Do you know how much sugar is in your diet? If you're like many people, you're probably eating and drinking more sugar than you realize because it's added to so many foods and beverages. Added sugars add calories without adding nutrients.
Some evidence suggests there's a relationship between added sugars and obesity, diabetes and heart disease, but this relationship isn't entirely clear.
All sugar, whether natural or processed, is a type of simple carbohydrate your body uses for energy. Fruits, vegetables and dairy foods naturally contain sugar.
"Added sugars" are the sugars and syrups added to foods during processing. Desserts, sodas, and energy and sports drinks are the top sources of added sugars for most Americans, but many other foods contain added sugars.
Sweetness has an almost universal appeal. So adding sugar to processed foods makes them more appetizing. But sugar is also added to foods because it:
Foods with a lot of added sugars contribute extra calories to your diet but provide little nutritional value. In addition, added sugars are often found in foods that also contain solid fats, such as butter or margarine, or shortening in baked goods.
Eating too many foods with added sugars sets the stage for potential health problems, such as:
The 2015-2020 Dietary Guidelines for Americans recommend that added sugars make up no more than 10 percent of your daily calories. For a 2,000-calorie diet, that means no more than 200 calories a day should come from added sugars. That's about 12 teaspoons or 48 grams of sugar.
The American Heart Association advises a stricter limit for added sugars — no added sugar for children younger than age 2, no more than 100 calories from added sugar a day for children older than age 2 and most women, and no more than 150 calories from added sugar a day for most men. That's about 6 teaspoons or 24 grams of sugar for children older than age 2 and women, and 9 teaspoons or 36 grams of sugar for men.
To put these numbers into perspective, 1 teaspoon of sugar (which equals about 4 grams) has about 16 calories. A 12-ounce can of regular soda has about 160 calories — about 10 teaspoons or 40 grams of sugar.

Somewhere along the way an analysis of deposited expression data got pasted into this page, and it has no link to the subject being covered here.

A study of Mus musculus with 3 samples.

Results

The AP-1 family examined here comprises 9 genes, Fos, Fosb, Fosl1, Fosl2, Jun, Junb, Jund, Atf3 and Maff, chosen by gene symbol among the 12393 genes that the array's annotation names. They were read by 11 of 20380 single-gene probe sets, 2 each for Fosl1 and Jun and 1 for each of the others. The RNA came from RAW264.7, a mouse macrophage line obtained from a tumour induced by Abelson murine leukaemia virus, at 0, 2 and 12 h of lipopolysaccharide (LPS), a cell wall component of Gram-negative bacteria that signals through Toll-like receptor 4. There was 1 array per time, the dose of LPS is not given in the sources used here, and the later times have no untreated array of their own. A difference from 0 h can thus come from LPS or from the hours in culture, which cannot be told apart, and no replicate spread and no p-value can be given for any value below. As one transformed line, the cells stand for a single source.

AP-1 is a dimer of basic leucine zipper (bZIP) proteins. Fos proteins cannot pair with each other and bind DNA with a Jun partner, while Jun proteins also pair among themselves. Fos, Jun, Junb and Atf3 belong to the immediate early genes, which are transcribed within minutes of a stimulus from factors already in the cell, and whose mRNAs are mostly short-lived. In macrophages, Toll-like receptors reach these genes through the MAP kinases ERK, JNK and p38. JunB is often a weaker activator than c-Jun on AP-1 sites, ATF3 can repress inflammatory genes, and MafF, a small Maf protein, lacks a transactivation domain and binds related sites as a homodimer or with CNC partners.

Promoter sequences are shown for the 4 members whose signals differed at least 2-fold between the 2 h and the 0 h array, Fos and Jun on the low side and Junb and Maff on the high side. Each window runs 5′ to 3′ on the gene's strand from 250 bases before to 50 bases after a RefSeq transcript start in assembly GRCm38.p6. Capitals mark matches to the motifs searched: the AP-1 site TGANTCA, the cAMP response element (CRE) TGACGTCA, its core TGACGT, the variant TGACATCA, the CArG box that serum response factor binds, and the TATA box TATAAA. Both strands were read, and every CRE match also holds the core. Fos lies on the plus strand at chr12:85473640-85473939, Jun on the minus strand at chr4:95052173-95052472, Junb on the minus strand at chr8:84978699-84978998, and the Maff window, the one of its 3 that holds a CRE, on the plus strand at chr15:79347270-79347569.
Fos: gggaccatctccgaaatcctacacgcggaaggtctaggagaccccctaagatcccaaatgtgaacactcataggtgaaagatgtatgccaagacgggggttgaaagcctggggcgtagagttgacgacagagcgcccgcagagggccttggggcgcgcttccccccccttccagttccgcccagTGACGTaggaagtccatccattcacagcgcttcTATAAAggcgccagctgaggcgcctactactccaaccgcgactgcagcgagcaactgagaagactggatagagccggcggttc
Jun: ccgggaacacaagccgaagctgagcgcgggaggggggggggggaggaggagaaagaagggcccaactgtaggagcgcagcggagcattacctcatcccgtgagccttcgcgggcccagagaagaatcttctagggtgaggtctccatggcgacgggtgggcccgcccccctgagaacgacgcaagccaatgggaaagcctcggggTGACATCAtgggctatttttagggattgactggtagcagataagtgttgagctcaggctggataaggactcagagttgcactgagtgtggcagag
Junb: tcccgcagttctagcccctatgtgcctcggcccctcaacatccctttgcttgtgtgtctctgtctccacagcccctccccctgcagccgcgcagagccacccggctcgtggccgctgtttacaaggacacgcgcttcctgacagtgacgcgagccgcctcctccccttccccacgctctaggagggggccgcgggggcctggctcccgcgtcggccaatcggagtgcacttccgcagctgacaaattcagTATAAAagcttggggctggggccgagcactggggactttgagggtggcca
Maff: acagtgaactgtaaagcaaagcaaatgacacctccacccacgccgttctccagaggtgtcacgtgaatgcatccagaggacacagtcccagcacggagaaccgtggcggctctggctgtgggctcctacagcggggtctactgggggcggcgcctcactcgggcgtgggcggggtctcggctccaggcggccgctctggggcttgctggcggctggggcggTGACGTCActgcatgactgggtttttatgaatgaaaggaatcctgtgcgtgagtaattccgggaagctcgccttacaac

Unfortunately, U.S. adults get an average of 13 percent or more of their total daily calories from added sugars, which exceeds the recommendations.
Identifying added sugars can be confusing. The Nutrition Facts label on packaged foods and drinks currently displays the total amount (in grams) of all sugars found in a serving of the product. This number includes both natural and added sugars.
However, the Food and Drug Administration is updating the Nutrition Facts label to help you more easily identify how much sugar is added to foods. You can expect to see a new line for added sugars (reported in grams and percent daily value) on all Nutrition Facts labels in the future. In the meantime, the only reliable way to identify added sugars is to look at the ingredient list.
Ingredients are listed in descending order by weight. If you see sugar listed among the first few ingredients, the product is likely to be high in added sugars.
Sugar goes by many different names, depending on its source and how it was made. This can also make it hard to identify added sugars, even when you read ingredient lists and food labels.
Check for ingredients ending in "ose" — that's the chemical name for many types of sugar, such as fructose, glucose, maltose and dextrose. Here's a list of other common types of added sugars:
Despite what you may have heard, there's no nutritional advantage to honey, brown sugar or other types of sugar over white sugar.
To reduce the added sugars in your diet, try these tips:
By limiting the amount of added sugars in your diet, you can cut calories without compromising nutrition. In fact, cutting back on foods with added sugars may make it easier to get the nutrients you need without exceeding your calorie goal.
Take this easy first step: Next time you're tempted to reach for a soda or other sugary drink, grab a glass of ice-cold water instead.